The Mississippi green water snake.

The Most Snake Infested Lakes in Arkansas

Arkansas is a state home to over 40 species of snake, including Eastern US and Southern US species. Summertime is the time of year when the snakes are most seen in Arkansas. When traveling through the state, one place you might not expect to see snakes is in the water. However, there are water snakes and semi-aquatic snakes in Arkansas. Some lakes have lots of these snakes. Here, we will explore the most snake-infested lakes in Arkansas and what water snakes are in the state.

Identifying Water Snakes

The northern water snake.
The northern water snake.

In Arkansas, there are five native species of water snakes. A water snake is any snake that falls under the genus Nerodia. This genus of snakes is usually harmless to humans. The water snake species in Arkansas include the Northern water snake, Plainbelly water snake, Mississippi green water snake, Diamondback water snake, and the Banded water snake. 

Water snakes have some common characteristics to help you identify them. Typically, they have a long, slender body with keeled scales. This allows them to move smoothly through the water. They also have a flattened head and a narrow neck. Another unique feature of water snakes is the round pupils located on the side of their heads. This gives them excellent eyesight by expanding their field of vision and allowing them to be extra sensitive to movement in the water. Water snakes also have nostrils on the top of their head. This way, they can still breathe while they are partly under the water. 

Semi-Aquatic Species

Juvenile cottonmouth snake, venomous and known for its aggressive behavior.

Juvenile cottonmouth snake, venomous and known for its aggressive behavior.

Besides water snakes, there are other species of snake found in and near the Arkansas lakes. These species are semi-aquatic. Semi-aquatic snakes are different from water snakes because of their physical features, behavior, and venom potency. Water snakes are nonvenomous and have elongated bodies with round heads. On the other hand, snakes such as Cottonmouths are venomous pit vipers with triangular heads and a stout body. 

Semi-Aquatic snakes in Arkansas include the Common garter snake, Northern cottonmouth, Western ribbon snake, Crayfish snake, Graham's crayfish snake, Queen snake, Western rat snake, Rough green snake, and the Eastern racer snake.  The three most snake-infested lakes in Arkansas include Lake Ouachita, Lake Fayetteville, and Greers Ferry Lake.

Lake Ouachita

Red-bellied black snake with reflection in water.

Red-bellied black snake with reflection in water.

Lake Ouachita is Arkansas's largest lake, covering 700 miles of shoreline and 65000 acres of water. The lake crosses two counties, Garland and Montgomery. The lake is home to an abundance of wildlife, from largemouth bass to catfish. This makes it the perfect spot for anglers. However, humans aren't the only ones who discovered the lake is a great fishing spot; the fish draw in water snakes.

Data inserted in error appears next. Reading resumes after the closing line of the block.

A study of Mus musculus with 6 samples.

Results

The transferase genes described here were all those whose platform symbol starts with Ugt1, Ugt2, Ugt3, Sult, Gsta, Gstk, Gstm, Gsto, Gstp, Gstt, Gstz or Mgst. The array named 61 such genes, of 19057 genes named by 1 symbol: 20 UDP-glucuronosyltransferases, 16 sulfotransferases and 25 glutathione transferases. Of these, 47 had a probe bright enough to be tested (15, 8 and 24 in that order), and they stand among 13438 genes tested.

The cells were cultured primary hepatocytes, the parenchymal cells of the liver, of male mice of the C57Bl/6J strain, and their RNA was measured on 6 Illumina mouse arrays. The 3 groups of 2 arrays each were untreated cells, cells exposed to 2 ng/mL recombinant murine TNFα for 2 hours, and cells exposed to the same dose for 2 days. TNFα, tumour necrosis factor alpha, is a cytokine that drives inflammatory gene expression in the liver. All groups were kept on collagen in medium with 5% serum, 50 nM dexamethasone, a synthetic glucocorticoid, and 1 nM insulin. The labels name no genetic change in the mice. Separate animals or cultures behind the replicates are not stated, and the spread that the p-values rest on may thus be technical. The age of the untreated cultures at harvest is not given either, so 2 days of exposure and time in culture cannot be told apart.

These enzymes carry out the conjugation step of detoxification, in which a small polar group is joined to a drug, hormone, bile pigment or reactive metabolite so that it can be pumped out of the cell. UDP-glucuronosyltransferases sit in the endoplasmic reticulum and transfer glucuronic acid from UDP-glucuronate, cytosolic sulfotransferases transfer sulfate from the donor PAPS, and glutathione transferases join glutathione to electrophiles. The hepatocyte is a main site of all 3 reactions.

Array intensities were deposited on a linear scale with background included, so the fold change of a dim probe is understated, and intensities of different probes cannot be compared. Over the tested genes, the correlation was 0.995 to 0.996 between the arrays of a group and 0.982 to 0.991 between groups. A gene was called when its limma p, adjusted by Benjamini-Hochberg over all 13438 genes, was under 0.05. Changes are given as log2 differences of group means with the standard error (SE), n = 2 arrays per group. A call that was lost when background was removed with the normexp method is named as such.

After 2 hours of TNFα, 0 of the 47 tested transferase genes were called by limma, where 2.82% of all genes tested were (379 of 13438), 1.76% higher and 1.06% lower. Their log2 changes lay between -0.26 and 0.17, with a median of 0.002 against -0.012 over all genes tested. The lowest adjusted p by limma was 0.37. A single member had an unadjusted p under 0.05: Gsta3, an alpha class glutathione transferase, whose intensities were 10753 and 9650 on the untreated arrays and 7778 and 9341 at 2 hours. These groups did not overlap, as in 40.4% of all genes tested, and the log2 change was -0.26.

Some of the most common snakes found in the lake are the northern and plain belly water snakes. Around the lake is Ouachita National Forest, a popular spot for camping, hiking, and fishing. This is also a popular spot to see semi-aquatic snakes, including some venomous snakes. Cottonmouth and rattlesnake sightings are relatively common in this area. Cottonmouth snakes are one of the most semi-aquatic snakes in the entire United States. They usually feed on fish and have a brown, gray, and black color. 

Lake Fayetteville

A beautiful closeup of a western diamondback rattlesnake on a ground.
A closeup of a western diamondback rattlesnake on the ground.

Lake Fayetteville is smaller than Lake Ouachita. However, the waters are still snake-infested. Covering 200 acres of water and 450 acres of land, the lake is home to several snake species, including both water and semi-aquatic snakes. Water snakes enjoy the lake's abundance of bass, carp, bluegill, and catfish. The bountiful fish in the lake also draws in tourists for fishing. If you are visiting the lake for a fishing trip, keep in mind it is likely you will encounter a snake. Snake encounters are frequently reported in the area. Near the lake, there is a beautiful park that is home to another species, rattlesnakes. Species such as the diamondback and pygmy rattlesnakes are sometimes spotted on the trails around the lake. 

Greers Ferry Lake

The rough green snake basking in the sun.
The rough green snake basking in the sun.

Greers Ferry Lake is another Arkansas Lake filled with snakes. Developed in 1962, the lake has two large bodies of water connected with a narrow gorge. The entire lake covers 40,000 acres, and around the lake, there are popular campsites and hikes for outdoor recreationists. Visitors enjoying the lake should be aware of the snakes in the area. The vibrantly colored rough green snake is a common sighting in the area. These snakes aren't threatening to humans and are nonvenomous. Other commonly sighted snakes in the area include the diamondback water snake, which is another non-venomous snake. 

Safety and Adventure: Navigating Arkansas's Snake-Infested Lakes

Water snakes and semi-aquatic snakes enjoy the lakes in Arkansas. In particular, Greers Ferry Lake, Lake Ouachita, and Lake Fayetteville are popular spots for snakes. Despite the abundance of snakes, these Arkansas spots are still worth a visit. For outdoor enthusiasts, these lakes offer many activities to enjoy, from camping and hiking to fishing and kayaking. Visiting these spots is comforting because water snakes are usually harmless to humans. While semi-aquatic snakes can be venomous, identifying them can help you stay safe in snake territory.